Protein and carbs – have I got the balance right?
While many believe high-protein, low-carb diets aid weight loss, is it as simple as that or are there other issues to consider before cutting the carbs? Nutritionist Kerry Torrens takes a look at the latest evidence.
Typically viewed with suspicion and considered unbalanced, high-protein diets are often classed as another fad. However, various high-protein eating plans claim that cutting carbs in favour of protein can not only help you to lose weight, but do so more effectively.
Can a high-protein diet help me lose weight?
Protein (whether from meat, fish, dairy or grains) is an essential nutrient because we need it to build strong muscles and bones, regulate hormones, support our immune systems and much more. Fats and carbohydrates are considered our main fuels, with carbs said to be the body's preferred source of energy. Our brains in particular need carbs to help maintain alertness and concentration. Certainly for those who compete in endurance sports, carbohydrates are important to optimise performance, although protein intake also plays a role in muscle repair and recovery.
However, if your goal is to lose weight rather than to fuel exercise, it's useful to know a few facts.
Firstly, protein burns comparatively more calories than fat or carbs. Focusing meals around protein-rich foods improves your sense of fullness and satisfaction, helping to regulate your appetite and limit unnecessary trips to the biscuit bin.
What's more, studies suggest a high-protein diet may actually help you lose body fat rather than lean muscle mass, which is the aim if you're looking to lose weight.
A higher protein intake also appears to be beneficial for managing the symptoms of metabolic syndrome, such as poor blood sugar control and insulin management as well as high cholesterol and blood triglycerides.
Are there health implications to consider when following a high-protein diet?
As with most diets, there are downsides. A prolonged intake of high amounts of protein has been associated with bone loss and kidney damage. However, in otherwise healthy individuals, there is little evidence to this effect – it's now thought that a high-protein diet is only a problem for those with an existing disease or kidney dysfunction. In fact, in the otherwise healthy (including the elderly), a higher protein intake may help prevent the loss of muscle mass and strength, which can be lifestyle-limiting for the older generation.
For the majority of healthy adults, a high-protein diet followed for a specified period (such as a few months) shouldn't cause a problem. That said, the implications of following a high-protein diet over a long-term period combined with carbohydrate restriction is still being researched and may vary, dependent on age and genetics.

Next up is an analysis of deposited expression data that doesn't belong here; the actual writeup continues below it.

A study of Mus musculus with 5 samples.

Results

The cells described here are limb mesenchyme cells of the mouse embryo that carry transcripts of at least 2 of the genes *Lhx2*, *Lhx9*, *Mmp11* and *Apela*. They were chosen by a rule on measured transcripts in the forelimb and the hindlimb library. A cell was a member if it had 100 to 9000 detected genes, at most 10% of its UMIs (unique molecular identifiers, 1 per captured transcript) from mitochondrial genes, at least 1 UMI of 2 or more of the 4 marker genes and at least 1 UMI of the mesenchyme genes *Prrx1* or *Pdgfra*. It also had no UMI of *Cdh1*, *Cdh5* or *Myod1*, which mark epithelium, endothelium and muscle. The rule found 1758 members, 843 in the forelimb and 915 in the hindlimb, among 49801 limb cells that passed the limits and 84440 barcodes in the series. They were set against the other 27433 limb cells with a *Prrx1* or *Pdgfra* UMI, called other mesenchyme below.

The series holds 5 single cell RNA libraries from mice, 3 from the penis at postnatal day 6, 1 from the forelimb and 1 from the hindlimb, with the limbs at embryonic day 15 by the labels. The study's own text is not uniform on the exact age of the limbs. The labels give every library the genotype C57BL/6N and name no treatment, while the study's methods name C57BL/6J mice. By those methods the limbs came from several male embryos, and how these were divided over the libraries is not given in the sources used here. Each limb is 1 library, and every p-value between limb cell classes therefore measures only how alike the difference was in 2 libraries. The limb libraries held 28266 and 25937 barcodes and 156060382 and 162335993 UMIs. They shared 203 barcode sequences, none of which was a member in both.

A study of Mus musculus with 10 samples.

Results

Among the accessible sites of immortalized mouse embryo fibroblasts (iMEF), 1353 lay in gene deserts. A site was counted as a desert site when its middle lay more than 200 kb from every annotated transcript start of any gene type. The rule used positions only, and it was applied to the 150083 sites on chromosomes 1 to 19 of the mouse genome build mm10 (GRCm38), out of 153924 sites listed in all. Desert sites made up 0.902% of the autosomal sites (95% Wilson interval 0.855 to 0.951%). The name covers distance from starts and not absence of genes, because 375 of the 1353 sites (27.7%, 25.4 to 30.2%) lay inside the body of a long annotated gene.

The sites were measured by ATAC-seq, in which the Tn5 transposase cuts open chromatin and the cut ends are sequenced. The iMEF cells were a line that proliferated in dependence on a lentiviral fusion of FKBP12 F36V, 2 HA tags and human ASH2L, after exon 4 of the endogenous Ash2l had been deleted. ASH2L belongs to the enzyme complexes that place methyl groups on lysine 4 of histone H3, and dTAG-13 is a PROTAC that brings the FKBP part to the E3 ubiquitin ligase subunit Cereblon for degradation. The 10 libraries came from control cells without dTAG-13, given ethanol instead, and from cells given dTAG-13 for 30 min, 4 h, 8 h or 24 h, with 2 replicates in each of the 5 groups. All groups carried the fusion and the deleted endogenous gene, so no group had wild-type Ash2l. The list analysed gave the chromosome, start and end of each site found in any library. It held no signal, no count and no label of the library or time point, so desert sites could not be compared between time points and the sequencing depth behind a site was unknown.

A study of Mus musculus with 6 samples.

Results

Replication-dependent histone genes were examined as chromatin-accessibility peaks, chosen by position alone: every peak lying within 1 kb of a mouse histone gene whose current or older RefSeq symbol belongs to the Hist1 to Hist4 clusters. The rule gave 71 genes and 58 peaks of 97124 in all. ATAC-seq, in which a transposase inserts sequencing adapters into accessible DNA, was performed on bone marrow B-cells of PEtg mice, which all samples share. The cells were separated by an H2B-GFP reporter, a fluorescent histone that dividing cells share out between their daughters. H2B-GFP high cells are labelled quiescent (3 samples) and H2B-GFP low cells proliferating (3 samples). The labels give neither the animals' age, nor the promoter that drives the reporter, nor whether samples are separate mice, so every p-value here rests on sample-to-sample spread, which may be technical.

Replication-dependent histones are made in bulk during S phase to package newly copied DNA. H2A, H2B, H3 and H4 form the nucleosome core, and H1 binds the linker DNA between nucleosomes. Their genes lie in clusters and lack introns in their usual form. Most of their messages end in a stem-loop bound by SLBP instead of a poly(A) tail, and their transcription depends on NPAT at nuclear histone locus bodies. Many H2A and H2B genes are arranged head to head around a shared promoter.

The composition of your diet is an important factor – for example, some high-protein diets restrict carbs so severely that they may lead to nutritional inadequacies and possibly a lack of fibre. Such low-fibre diets may detrimentally impact the health of your gut and potentially increase the risk of colonic disease.
In conclusion, if you do want to increase your protein levels, do so wisely. Protein and carbs both play a part in helping you to shed excess weight. When choosing your protein, it's worth remembering that animal- and plant-based proteins are equally effective. Opt for lean protein such as chicken, turkey, fish and dairy, as well as soy-based protein, beans, nuts and seeds – a healthy portion is about the size of your palm. The type of carbs you choose is equally important. Opt for complex carbs, such as wholegrain bread, pasta and rice, and include plenty of fruit and veg in your diet as these are nutrient-dense and full of fibre. A portion is about the size of your clenched fist.
If you have a chronic health condition such as liver or kidney disease or diabetes, or if you are pregnant or planning to become pregnant, consult your GP before making any significant changes to your diet.
Delicious, high-protein recipe suggestions
This page was published on 19 June 2019.
A qualified nutritionist (MBANT), Kerry Torrens is a contributing author to a number of nutritional and cookery publications including BBC Good Food magazine. Kerry is a member of the The Royal Society of Medicine, Complementary and Natural Healthcare Council (CNHC) and the British Association for Applied Nutrition and Nutritional Therapy (BANT).